A system of liability by contract will not work in all cases. Many patients have a high probability of death or disability at the time they enter a hospital. Doctors are unlikely to want to pay the cost of those outcomes, should they be ruled “adverse,” and it would be unreasonable to expect them to do so. Further, when patients seek care at emergency rooms, no one has time to evaluate the likelihood of death or permanent injury prior to the delivery of care. Even in these cases, however, an alternative to the current system would seem to be desirable.
Accordingly, medical providers who offer their patients the opportunity to escape the current malpractice system by contract should have the chance to escape the system themselves in cases where contracts are impossible or impractical. In particular, these providers would be able to insist as a condition of treatment that all malpractice claims must be submitted to binding, unappealable arbitration. (The exception would be cases of gross negligence.)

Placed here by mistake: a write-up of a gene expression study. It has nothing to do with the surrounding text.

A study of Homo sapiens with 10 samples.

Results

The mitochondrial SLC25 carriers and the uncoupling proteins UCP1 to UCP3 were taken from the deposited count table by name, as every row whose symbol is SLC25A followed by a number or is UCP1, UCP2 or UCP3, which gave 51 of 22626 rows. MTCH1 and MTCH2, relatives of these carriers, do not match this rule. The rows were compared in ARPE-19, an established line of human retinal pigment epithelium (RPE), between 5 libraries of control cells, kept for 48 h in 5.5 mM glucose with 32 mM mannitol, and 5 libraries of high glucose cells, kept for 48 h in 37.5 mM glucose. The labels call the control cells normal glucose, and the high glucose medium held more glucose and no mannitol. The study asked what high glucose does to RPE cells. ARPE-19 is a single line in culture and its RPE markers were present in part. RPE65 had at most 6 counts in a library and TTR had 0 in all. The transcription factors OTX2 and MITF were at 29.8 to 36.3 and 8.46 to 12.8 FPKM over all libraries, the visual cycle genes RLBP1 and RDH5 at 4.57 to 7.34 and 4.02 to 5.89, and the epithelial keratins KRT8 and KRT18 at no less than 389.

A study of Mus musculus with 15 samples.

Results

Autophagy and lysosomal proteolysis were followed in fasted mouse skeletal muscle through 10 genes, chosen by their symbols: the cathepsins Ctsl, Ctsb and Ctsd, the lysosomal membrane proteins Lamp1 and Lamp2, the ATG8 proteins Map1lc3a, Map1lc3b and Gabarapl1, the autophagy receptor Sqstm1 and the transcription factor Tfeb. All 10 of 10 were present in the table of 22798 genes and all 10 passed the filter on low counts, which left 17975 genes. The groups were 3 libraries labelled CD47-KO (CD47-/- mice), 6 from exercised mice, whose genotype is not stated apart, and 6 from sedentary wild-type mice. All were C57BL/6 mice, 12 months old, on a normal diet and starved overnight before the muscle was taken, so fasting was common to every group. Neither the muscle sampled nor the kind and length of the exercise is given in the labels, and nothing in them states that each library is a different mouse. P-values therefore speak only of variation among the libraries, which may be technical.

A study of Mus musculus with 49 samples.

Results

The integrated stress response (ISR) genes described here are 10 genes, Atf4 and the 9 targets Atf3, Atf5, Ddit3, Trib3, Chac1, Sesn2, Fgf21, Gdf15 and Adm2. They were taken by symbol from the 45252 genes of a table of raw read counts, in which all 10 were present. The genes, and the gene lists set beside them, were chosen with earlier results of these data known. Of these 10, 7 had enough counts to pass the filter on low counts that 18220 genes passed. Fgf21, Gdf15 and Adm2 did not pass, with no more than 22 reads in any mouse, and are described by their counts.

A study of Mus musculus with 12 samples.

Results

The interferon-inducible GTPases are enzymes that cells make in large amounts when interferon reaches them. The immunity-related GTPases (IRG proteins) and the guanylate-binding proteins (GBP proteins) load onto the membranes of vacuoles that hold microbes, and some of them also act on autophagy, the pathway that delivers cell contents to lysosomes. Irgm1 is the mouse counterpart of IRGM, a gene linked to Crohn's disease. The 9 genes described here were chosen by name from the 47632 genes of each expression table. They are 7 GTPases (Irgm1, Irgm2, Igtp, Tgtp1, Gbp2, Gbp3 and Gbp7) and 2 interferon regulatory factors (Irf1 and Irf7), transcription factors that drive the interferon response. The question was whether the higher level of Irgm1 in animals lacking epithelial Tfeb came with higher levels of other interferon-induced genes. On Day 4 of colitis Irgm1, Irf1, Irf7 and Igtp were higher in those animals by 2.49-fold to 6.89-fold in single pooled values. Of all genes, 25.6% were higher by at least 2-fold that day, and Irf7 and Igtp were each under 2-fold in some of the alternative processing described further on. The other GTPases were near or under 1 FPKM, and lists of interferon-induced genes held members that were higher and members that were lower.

Two questions immediately arise: Who would the arbitrators be? What criteria would they use to make decisions?
Many people already serve as arbitrators, including former judges. They are selected and agreed upon by plaintiff lawyers and defense lawyers in cases where the parties want to avoid the costs, burdens, and risks of trial by subjecting their cases to a respected, impartial third party. Since these arbitrators are already in the business and have reputations for integrity and good judgment, they are an ideal source for malpractice arbitration.